Many young adults have an unrealistic sense of immortality based on more infrequent contact with death and illness, and the excellent health and good functioning that a younger body can usually provide. This can certainly add to the shock of confronting death. It's hard to believe that our bodies can age and even fail when yours works so well. Of course, I don't know if you are indeed a young adult, but I'm responding to this question as if you fall into this most likely demographic for readers of The Escapist.
This event may be affecting you on some deeper level as well. If you've had a loss, a new one can reopen the old wound and remind you of past hurt. This would be especially germane if the person who died bore some resemblance to someone you lost, or filled a similar role. If the loss were of a more traumatic variety, this effect could be even more powerful.
So what is there to do about all this? If internet communities can elicit these feelings, then it's appropriate to ask what they could do to help members deal with them. You say others in your community are also having difficulty with this death. It sounds like a great opportunity to mobilize the strength of this group so you can all help each other out. Why not some sort of online gathering where you can talk about the person you've lost and how it's affecting you all? Maybe you'll be pioneers in creating a 21st century ritual: the online wake.
If this loss continues to take a toll, perhaps it's worth the effort to contact or visit family members and loved ones of this person. This might afford the chance to pay your respects and let them know he or she affected people they didn't even know about, and you might feel better in return.
You might also find comfort in some kind of gesture to honor this person's memory. While this often means a donation to a cause or charity that meant something to them, it could also mean carrying on some aspect of their work through volunteering your time.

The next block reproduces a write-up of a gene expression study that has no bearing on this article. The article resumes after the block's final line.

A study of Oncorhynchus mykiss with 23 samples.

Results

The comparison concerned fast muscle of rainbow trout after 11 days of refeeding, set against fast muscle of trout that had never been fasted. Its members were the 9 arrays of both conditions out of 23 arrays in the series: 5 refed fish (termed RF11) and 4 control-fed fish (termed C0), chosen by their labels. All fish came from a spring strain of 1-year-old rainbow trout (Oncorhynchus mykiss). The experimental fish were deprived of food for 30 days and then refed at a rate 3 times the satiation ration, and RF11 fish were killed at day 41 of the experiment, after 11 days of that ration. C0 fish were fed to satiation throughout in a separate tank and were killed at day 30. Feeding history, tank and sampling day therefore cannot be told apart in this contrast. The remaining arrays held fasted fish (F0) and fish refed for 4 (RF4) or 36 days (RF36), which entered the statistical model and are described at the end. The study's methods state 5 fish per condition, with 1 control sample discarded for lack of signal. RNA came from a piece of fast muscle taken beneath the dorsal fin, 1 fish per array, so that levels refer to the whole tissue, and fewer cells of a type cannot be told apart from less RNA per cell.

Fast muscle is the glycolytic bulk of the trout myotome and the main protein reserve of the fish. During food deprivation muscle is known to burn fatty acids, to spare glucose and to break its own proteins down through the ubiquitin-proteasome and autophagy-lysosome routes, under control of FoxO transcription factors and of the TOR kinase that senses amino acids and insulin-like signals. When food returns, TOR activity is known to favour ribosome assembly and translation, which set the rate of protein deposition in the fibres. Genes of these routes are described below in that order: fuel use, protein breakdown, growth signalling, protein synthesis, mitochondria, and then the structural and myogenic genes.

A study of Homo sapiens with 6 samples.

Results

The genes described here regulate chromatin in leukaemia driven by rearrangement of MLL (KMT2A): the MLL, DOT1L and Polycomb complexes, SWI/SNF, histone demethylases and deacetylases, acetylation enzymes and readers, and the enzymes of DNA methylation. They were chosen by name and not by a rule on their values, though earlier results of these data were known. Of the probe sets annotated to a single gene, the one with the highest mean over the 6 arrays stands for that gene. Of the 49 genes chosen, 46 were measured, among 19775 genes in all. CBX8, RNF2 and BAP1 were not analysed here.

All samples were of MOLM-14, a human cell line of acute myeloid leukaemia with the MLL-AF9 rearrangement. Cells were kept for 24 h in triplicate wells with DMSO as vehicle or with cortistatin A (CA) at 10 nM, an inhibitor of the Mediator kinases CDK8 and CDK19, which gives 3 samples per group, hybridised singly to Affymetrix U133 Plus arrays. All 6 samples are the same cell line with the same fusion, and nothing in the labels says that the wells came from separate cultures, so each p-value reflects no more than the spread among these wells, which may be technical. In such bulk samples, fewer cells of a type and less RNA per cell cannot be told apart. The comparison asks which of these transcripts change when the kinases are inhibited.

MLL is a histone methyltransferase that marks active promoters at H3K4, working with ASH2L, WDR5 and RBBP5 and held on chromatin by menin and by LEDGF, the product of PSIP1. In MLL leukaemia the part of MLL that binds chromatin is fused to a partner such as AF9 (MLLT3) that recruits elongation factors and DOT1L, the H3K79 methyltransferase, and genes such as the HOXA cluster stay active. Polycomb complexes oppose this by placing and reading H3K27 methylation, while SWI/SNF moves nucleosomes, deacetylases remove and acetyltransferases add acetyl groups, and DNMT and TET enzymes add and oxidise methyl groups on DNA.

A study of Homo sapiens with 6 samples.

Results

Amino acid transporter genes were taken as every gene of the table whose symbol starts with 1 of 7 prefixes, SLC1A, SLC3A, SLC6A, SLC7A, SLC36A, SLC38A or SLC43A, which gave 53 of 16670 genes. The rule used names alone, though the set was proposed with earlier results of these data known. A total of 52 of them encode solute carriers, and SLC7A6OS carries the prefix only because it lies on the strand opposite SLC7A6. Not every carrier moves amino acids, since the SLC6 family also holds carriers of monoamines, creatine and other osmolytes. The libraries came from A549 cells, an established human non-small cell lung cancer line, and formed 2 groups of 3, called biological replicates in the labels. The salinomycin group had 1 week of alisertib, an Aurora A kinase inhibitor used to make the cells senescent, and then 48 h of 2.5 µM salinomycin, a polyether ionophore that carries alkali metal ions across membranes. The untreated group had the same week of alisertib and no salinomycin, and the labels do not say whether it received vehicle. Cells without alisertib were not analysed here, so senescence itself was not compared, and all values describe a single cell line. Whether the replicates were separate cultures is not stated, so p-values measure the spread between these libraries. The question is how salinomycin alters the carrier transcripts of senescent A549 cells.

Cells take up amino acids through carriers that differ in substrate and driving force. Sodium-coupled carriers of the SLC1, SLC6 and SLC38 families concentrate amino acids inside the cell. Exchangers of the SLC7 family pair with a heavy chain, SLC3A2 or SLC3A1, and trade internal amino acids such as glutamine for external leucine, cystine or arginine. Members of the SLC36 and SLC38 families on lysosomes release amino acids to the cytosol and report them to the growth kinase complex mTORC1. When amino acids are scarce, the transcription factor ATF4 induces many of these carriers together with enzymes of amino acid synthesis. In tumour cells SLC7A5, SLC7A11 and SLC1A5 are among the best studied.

Readers of The Escapist may have other ideas about how you could mourn this loss. It's often a matter of time to process such a thing, and the amount of time it takes varies widely from person to person. While it can be helpful to think of stages of grieving as part of the process, my experience is that many of us go through this in our own unique way, so it becomes more difficult to define a clear path that applies to everyone.
If a considerable amount of time has passed and you still find yourself pre-occupied, seek counseling. To do so doesn't necessarily mean you aren't going through a normal mourning process, just that you could benefit from some assistance in putting this loss in perspective.
Good luck with all of this, and thanks for your very interesting question.
Dr. Mark Kline thinks his iPhone would be better if it had an electric razor built in. Have a question for Dr. Mark? Send it to [email protected]. Your identity will remain confidential.